21 March 2017
- Twelve-sided pound leads to new names being coined - including ‘dodo’, ‘edger’ and ‘quelve’
- Pound ranks among top symbols of Britain, after fish and chips, Royal Family and roast beef
- Coin most likely to be used to cover essentials such as milk or bread
Another milestone in the history of British currency approaches next week when the new 12-sided pound coin comes into circulation, almost 30 years since its predecessor arrived.
To mark this momentous occasion, research from Nationwide Current Accounts takes a light-hearted look at the nation’s views on the beloved round pound and its dodecagonal successor.
What do you call your coinage?
Two thirds (67%) of us refer to the current coin as a ‘pound’, but more than a quarter (27%) are most likely to call it a ‘quid’ or even a ‘squid’ (3%). Other monikers include a ‘nicker’, ‘nugget’ or ‘round pound’ (each used by 1% of people).
So, does the change in our change mean we need a fresh name for the new-look coin? Most popular suggestions from those polled came primarily from plays on the dodecagon shape, including ‘dodey’, ‘dodo’, ‘doddy’, ‘dozy’ or ‘decca’ – though ‘Brit’, ‘edger’ and ‘bit’ also emerged, because of its resemblance to the old ‘thrupenny bit’. Other options included a ‘quelve’, while ‘QueenyMcQueenFace’ was a royal-inspired suggestion.
How British is a pound?
Despite the humble pound being less favoured by people than the £2 coin, preferred by 27 per cent of people versus 32 per cent, it beats it hands down when it comes to symbolic value. The poll of 2,000 people revealed the pound coin as being a true beacon of Britishness, ranking jointly fourth alongside the famed British sense of humour. The top three symbols of Britain are fish and chips, the Royal Family and roast beef and Yorkshire pudding.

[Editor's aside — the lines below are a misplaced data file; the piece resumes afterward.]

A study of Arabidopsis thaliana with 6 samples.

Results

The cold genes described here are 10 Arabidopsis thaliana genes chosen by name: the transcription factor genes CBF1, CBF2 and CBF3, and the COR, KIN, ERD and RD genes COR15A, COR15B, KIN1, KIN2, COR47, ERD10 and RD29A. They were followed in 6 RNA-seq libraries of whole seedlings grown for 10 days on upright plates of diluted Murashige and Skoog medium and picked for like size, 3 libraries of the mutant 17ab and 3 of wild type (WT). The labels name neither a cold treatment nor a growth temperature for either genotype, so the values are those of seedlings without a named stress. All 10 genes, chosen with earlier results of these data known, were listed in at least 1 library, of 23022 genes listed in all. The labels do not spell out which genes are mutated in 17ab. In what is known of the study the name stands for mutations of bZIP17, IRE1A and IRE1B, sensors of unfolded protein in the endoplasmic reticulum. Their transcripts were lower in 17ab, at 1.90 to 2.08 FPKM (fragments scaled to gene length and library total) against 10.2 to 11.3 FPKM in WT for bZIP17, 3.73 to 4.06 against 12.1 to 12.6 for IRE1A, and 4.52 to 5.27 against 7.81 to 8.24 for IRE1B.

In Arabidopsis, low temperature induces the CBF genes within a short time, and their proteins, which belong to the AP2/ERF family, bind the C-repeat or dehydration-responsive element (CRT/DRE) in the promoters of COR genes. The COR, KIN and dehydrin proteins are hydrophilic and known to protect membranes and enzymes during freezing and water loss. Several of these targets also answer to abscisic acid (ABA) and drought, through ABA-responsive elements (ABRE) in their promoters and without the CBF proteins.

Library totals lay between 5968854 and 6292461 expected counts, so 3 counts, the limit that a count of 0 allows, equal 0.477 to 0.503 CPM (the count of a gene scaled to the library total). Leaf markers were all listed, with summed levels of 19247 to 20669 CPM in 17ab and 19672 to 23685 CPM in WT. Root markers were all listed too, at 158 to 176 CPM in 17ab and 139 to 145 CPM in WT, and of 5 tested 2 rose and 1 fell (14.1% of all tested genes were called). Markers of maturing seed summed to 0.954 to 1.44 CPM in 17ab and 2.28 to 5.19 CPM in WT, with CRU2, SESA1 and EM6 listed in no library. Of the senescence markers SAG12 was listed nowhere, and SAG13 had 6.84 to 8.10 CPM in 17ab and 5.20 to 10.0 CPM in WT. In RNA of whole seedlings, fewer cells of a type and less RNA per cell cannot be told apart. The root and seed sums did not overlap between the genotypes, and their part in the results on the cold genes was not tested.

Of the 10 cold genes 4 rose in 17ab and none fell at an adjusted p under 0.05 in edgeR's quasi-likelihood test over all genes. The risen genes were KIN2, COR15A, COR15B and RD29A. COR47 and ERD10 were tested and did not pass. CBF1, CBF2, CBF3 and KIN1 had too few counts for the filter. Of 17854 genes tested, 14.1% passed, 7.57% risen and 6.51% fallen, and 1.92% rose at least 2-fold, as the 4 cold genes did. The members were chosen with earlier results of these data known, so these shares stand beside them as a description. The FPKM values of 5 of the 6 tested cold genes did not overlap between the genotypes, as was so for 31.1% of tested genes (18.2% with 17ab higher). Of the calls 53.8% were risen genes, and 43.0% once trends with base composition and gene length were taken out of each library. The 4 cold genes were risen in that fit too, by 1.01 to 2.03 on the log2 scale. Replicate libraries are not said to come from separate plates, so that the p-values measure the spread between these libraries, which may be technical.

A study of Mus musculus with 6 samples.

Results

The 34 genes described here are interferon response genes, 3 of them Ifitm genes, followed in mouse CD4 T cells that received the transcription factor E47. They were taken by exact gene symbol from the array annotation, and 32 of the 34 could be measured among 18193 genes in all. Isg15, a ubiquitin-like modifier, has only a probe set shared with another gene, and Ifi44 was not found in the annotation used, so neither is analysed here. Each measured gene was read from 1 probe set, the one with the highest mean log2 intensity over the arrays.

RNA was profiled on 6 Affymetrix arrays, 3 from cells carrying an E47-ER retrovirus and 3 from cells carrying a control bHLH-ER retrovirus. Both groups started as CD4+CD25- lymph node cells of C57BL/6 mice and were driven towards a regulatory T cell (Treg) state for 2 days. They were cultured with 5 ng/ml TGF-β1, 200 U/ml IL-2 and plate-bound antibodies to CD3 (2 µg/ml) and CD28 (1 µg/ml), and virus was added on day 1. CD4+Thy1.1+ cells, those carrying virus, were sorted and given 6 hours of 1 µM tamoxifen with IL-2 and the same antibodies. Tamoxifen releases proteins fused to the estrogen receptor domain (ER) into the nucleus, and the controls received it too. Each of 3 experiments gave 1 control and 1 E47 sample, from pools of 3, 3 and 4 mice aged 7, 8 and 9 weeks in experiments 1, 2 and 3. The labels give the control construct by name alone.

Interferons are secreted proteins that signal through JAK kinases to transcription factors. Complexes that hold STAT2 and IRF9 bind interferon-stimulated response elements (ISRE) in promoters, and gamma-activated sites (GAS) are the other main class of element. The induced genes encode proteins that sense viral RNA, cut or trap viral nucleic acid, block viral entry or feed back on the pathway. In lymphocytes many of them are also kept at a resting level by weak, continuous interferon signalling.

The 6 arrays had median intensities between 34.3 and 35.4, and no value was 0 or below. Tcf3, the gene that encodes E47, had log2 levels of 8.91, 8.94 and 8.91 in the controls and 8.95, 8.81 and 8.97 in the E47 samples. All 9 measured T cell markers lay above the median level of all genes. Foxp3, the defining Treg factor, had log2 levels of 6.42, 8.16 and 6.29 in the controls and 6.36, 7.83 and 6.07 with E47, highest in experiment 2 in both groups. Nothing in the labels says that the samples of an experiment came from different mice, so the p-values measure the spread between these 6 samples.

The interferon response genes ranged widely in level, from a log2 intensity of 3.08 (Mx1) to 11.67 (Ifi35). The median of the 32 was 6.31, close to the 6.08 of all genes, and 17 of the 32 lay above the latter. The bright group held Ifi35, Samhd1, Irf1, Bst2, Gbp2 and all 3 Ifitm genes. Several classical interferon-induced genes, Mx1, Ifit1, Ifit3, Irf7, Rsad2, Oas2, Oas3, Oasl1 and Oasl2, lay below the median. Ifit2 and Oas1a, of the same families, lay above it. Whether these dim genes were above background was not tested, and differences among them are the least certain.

Memories of 1983?
The first cupro-nickel coin officially replaced the one pound note in April 1983. But while some individuals mentioned the FA Cup Final as their defining moment, the launch of Microsoft Word and the politics of Margaret Thatcher, more than a quarter (26%) cited their love of music from the era. A further one in ten (9%) associate the year with personal memories of school or life events, including births, deaths or marriages (9%). One in sixteen (6%) reminisced about their 1983 home and 3 per cent about their car.
What do we buy for a pound?
Having acknowledged the affection in which the pound coin is held in the British psyche, we asked what people are most likely to buy for a pound today? Two in five (39%) are most likely to use the coin to buy milk, one in five (22%) to buy bread, one in eight (13%) to treat themselves to a chocolate bar and one in 12 (8%) to purchase a newspaper.
Dan King, Nationwide’s Head of Current Accounts, comments, “Changes in British coinage are few and far between. Though we have until October to clear out those round pounds languishing in piggy banks, change pots and down the back of Britain’s sofas, we may be pleasantly surprised to find just how much we have squirreled away over the years. We’d suggest taking them into your local branch in plenty of time to provide a welcome boost to your balance, or contributing to a regular savings habit as even small amounts can mount up!”
While the changeover presents challenges, not least to ensure that the coins are usable in existing vending machines and meters, they are being replaced because of their acknowledged vulnerability to counterfeiting – with some estimates suggesting one in every 30 pound coins currently in circulation is counterfeit.
Notes to Editor:
Research conducted by OnePoll between 28/2/17 and 02/03/17 amongst 2000 UK adults.